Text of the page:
Further steps have been taken to improve the Student Safety on Campus programme at the University, in order to tackle the ongoing issues of sexual violence and hate crime.
The Student Union (SU) has recently brought the issues to light by launching their ‘Hate Crime Awareness Week’, and by continuing to promote their campaign #ConsentMatters.
The SU is motivated by a desire to encourage students to acknowledge the issue of consent and sexual violence, as well as seeking to prevent future cases, and support survivors of trauma. Development has been made in this area by introducing an online module on Moodle titled ‘Consent Matters’, focussing on bystander intervention and education on the meaning of consent.
[The aim is] to discuss ways in which we can create a set of values to foster a safer environment on campus.
In the launch video for the #WeGetConsent campaign, the SU stated that: “Recent NUS research shows that more than 1 in 4 UK students suffered unwanted sexual advances during their time at university.”
In addition to this, focus groups surrounding sexual violence and hate crime took place in University House towards the beginning of term, whilst ongoing Student Personal Safety Advice Sessions are now scheduled to take place in the Library every month.
The first session raised concerns around the subject of sexual violence such as the issue of gender, age and removing the stigma surrounding the issue.
The coordinator of these focus groups, Annunziata Videtta, says that these groups are welcome for all students and aim to discuss ways in which: “we can create a set of values to foster a safer environment on campus.”
[It was] previously thought the matter was an issue for security and the police, but I am glad they are looking at the emotional impact too.
In attempt to work with the wider community on the issue, Warwick’s SU invited Coventry Rape and Sexual Abuse Centre (CRASAC) to ask students what they think of their current promoted procedure.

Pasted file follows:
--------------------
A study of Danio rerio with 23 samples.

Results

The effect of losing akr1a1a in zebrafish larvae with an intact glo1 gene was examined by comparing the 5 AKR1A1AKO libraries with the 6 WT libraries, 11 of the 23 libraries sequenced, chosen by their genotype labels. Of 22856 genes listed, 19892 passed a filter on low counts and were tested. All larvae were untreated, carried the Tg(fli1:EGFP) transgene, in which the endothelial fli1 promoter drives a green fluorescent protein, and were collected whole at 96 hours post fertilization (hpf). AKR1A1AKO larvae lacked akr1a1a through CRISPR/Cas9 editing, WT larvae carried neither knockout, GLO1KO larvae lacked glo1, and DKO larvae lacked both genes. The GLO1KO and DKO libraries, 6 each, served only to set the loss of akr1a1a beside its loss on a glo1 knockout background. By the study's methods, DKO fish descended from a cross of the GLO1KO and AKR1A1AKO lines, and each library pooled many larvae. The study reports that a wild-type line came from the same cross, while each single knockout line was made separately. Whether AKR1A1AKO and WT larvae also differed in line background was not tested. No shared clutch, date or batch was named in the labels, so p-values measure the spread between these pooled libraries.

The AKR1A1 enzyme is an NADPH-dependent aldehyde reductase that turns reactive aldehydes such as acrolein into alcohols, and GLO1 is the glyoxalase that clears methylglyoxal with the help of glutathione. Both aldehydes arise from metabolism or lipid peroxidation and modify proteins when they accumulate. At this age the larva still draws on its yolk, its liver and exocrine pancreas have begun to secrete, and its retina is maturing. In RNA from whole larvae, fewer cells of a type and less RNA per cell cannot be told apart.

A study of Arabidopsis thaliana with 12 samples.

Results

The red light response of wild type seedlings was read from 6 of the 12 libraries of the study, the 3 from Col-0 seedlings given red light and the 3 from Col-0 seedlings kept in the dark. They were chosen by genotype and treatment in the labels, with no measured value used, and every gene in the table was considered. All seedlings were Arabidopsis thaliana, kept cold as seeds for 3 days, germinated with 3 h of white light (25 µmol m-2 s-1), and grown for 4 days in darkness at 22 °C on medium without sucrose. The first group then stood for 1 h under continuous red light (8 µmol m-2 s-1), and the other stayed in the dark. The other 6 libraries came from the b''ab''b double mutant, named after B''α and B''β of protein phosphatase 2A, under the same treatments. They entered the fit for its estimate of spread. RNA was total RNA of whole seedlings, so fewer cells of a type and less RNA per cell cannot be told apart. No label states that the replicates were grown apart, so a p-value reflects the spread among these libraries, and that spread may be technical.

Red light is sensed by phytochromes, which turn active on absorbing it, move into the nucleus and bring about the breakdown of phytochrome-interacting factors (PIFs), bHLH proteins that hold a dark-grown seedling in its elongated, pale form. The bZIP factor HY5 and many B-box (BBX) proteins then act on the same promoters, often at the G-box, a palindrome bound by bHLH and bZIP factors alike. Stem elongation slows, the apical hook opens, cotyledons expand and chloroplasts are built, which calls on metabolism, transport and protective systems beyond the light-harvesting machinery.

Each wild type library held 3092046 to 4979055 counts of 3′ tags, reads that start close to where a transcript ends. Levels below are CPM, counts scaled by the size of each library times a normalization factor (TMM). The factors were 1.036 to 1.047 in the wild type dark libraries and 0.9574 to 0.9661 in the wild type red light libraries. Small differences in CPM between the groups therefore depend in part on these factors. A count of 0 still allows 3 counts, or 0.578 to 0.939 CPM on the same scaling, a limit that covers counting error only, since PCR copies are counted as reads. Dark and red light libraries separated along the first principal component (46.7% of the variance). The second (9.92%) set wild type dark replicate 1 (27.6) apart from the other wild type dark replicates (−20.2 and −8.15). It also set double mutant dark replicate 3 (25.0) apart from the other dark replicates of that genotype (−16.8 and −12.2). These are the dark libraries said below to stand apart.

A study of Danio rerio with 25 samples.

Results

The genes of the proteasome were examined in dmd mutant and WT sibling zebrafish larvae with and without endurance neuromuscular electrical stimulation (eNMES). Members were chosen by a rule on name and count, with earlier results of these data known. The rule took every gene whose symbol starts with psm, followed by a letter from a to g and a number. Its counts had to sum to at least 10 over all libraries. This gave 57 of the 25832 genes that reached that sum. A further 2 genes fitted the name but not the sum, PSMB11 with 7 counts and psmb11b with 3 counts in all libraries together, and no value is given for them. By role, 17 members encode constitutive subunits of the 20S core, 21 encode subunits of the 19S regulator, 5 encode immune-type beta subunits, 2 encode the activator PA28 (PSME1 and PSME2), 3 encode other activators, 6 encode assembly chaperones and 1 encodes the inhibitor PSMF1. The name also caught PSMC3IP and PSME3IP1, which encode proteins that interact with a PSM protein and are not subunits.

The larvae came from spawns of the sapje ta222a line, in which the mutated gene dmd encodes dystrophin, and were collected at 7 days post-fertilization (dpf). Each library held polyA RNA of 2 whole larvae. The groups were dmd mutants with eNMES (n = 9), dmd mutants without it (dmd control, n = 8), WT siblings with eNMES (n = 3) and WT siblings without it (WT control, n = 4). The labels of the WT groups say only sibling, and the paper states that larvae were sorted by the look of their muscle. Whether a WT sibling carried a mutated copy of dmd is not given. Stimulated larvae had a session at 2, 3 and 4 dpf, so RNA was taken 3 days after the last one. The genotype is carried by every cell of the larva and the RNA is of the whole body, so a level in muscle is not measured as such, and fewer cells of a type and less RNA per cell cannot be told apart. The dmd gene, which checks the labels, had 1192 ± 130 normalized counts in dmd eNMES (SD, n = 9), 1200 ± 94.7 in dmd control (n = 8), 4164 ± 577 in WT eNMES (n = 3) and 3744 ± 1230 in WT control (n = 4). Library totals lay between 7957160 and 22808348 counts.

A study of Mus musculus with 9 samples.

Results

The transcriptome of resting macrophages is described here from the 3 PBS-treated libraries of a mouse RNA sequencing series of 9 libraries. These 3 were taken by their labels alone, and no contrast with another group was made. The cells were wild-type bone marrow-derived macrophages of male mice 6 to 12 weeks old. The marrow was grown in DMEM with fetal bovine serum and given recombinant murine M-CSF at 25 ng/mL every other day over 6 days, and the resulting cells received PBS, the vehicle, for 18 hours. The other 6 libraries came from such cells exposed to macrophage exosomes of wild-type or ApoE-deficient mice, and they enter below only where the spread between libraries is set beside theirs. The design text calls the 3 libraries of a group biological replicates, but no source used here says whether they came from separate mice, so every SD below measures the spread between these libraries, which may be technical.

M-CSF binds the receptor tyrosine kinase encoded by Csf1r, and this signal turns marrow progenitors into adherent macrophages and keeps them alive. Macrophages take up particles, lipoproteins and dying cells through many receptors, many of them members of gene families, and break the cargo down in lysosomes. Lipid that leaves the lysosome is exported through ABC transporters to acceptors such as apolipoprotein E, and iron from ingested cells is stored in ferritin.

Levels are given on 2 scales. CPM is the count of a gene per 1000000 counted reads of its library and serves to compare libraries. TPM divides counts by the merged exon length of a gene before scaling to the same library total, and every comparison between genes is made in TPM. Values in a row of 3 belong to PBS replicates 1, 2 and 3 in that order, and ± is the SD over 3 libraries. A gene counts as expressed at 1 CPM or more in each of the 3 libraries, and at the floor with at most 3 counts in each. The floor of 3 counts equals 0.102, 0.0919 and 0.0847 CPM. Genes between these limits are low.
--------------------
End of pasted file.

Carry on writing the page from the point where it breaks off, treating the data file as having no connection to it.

Positive feedback was given surrounding CRASAC’s 24 hour confidential helpline in particular, whilst Postgraduate student Emma Johnson commented that they had previously thought the matter: “an issue of security and the police, but I am glad they are looking at the emotional impact too”.
The second half of the group sought to reiterate the events of the previous week, highlighting the SU’s ‘Hate Crime Awareness week’ event, as well as Warwickshire Police’s #CakeNotHate campaign, which aims to educate students on the prevention of such crimes and wellbeing facilities that are available on campus and in the county.
These facilities included drop-in sessions, in which both the Warwickshire police department and the Campus Security team spoke to students about breaking down the ‘reporting barrier’. The group also suggested the Student Union Advice Centre as a third-party hate crime reporting centre.
As a third focal point of the focus groups the Student Safety on Campus’s ‘Safer Routes’ campaign was discussed. The campaign is used by the SU to highlight routes which have been assessed by the police, Coventry City Council and the University with the safety of students in mind. They encourage students to take well-lit, busier paths in order to stay safe whilst walking around campus.
A one-pound Hopper bus is also available, which encourages students to take public transport instead of walking at later times in the night to prevent incidents.
The West Midlands Now app is also available for students who would like safety updates and alerts in the local area that highlight areas to avoid when an incident has recently occurred.